Anyone who knows me knows I’m a sci-fi fantasy nerd. Star Wars. Lord of the Rings. Game of Thrones. All. Day. Long.

I even like that cheesy Lord of the Rings prequel, The Hobbit: An Unexpected Journey, that tells the story of Bilbo Baggins’ first journey that became the book, There and Back Again: A Hobbit’s Tale, that we see Frodo finish at the end of the Lord of the Rings trilogy.

Well, at the start of 2018, I felt just like Bilbo Baggins going on his first adventure. I was super excited to go out and talk about interrupting ‘inequity by design’ using the principles and practices of culturally responsive teaching. For all of 2018, I was on the road talking about and teaching about culturally responsive practices.  I went from California to Alaska. From Texas to Canada. From Portland, Oregon to Boston, Mass. There and back again like Bilbo.

And along the way I got to meet many of you.  Even as far away as Havana, Cuba, I ran into a group of educators from Montgomery County Public Schools at the Literacy Museum who had read Culturally Responsive Teaching and the Brain. The funniest encounter was when I was on a flight to the East Coast (I live in California).  The woman across the aisle from me kept glancing over at me. At one point, I got up and went to the bathroom and when I came back to my seat, she leaned over and asked, “Are you, Zaretta Hammond.”  I said yes with a quizzical look on my face. She said she thought so but googled me when I got up to go to the lavatory to be sure. We had a good laugh and talked a bit about what she was excited about working on in her classroom.

2019: Focus on The Implementation Gap

The downside? With all that traveling, my writing got put on the back burner. You may have noticed that my last post was Nov. 27, 2017. But is wasn’t for naught. As an educator and author, I had a chance to see how other educators — from classroom teachers to site leaders to central office folks — have been translating the Ready for Rigor frame into practice.  I’ve learned a lot about how educators are embracing culturally responsive teaching. The good and the “not so good”.  I’ve learned that there is a greater awareness of culturally responsive teaching (yay!), but the implementation has been uneven, to put it kindly.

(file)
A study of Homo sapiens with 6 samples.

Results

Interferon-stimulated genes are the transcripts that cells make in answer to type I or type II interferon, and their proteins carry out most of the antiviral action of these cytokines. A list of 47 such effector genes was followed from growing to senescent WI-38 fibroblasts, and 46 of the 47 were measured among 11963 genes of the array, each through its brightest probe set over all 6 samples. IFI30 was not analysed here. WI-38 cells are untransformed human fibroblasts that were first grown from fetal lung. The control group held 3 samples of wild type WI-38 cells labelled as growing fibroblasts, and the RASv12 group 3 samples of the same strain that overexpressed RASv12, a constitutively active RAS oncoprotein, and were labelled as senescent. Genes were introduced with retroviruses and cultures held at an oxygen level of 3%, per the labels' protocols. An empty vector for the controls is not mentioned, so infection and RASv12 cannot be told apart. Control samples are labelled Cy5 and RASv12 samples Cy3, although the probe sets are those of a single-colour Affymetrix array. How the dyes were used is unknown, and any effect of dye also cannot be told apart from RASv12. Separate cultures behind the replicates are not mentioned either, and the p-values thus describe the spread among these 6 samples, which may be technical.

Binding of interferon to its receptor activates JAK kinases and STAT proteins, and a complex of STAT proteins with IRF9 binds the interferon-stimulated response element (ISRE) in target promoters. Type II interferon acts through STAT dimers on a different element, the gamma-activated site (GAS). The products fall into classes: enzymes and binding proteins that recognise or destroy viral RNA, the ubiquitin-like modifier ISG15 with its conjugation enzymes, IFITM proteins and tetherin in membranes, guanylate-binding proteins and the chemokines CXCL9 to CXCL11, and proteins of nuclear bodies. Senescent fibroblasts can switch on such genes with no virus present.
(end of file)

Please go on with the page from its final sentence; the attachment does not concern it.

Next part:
There are some things we are still not getting right about culturally responsive and culturally sustaining practices.  And we could start right there with labels and what you call a thing. There’s a lack of nuanced understanding of how culturally responsive teaching differs from multicultural education or social justice education. Many teachers are using the terms interchangeably.  It’s incumbent on site leaders and district leaders to have a clear understanding of the differences.

Then there’s the confusion over how “courageous conversations” and implicit bias training factor into culturally responsive teaching.  I heard a teacher say, “well, to be a culturally responsive teacher, I have to first look at my own biases and manage them in order to close the achievement gap for my diverse kids.”   That sounds good, right?

Well, in reality, our first order of business is to focus on the student as a learner and put his needs above our own.  THEN, asking the question: Who do I need to be in order to serve him better?

Yeah, dealing with implicit bias when talking about culturally responsive teaching is a bit of a chicken and the egg situation — Do I focus on instruction first or implicit bias?  In reality, it’s more like patting your head and rubbing your stomach at the same time (try that!) — We have to keep two things in mind simultaneously in order to interrupt inequity by design. We have to show how the two are connected.

Reclaiming the Power of the Pen

So, this year in this blog space, I want to focus on moving us from building awareness of CRT to more effective implementation beyond doing a book study.  We are still treating it like it’s a “thing.” I heard all the time teachers say, “… when I’m doing culturally responsive teaching, and then go back to ‘regular teaching’…”.  There is no regular teaching vs. culturally responsive teaching. Dr. Gloria Ladson-Billing says, “All teaching is culturally responsive. It’s just a matter of whose culture it is being represented.”

Referring to culturally responsive teaching as a “thing,” confusing it with being a subject area, or treating it like a treatment for minority kids is a sure sign that you may still be at a novice level of understanding of culturally responsive teaching.  And let’s not even begin to talk about the way people have misinterpreted the “culture” part in culturally responsive teaching. I’ve got a few posts in mind to address that.

Here’s the point: We have to get better at both our ability to articulate and implement this approach to equity.

Join me this year as we take on some big questions related to what Freire calls “praxis” — the intersection of conceptual understanding, action taking, and reflection on impact — around culturally responsive teaching.  Some of the questions I’ll be digging into are:

  • What does effective implementation of CRT look like in the classroom?
  • How do we move beyond the conceptual understanding of CRT to implementation?
  • How do we create the right conditions at the district level for CRT to take hold?
  • What does effective CRT professional development look like?
  • How do we build our bi-cultural lens as we grow into more culturally responsive educators?
  • Which myths are we still perpetuating about CRT?
  • How do we know CRT is working on student learning?

I am super excited to continue on this learning journey with you!

Tell me what questions about culturally responsive teaching you’re grappling with.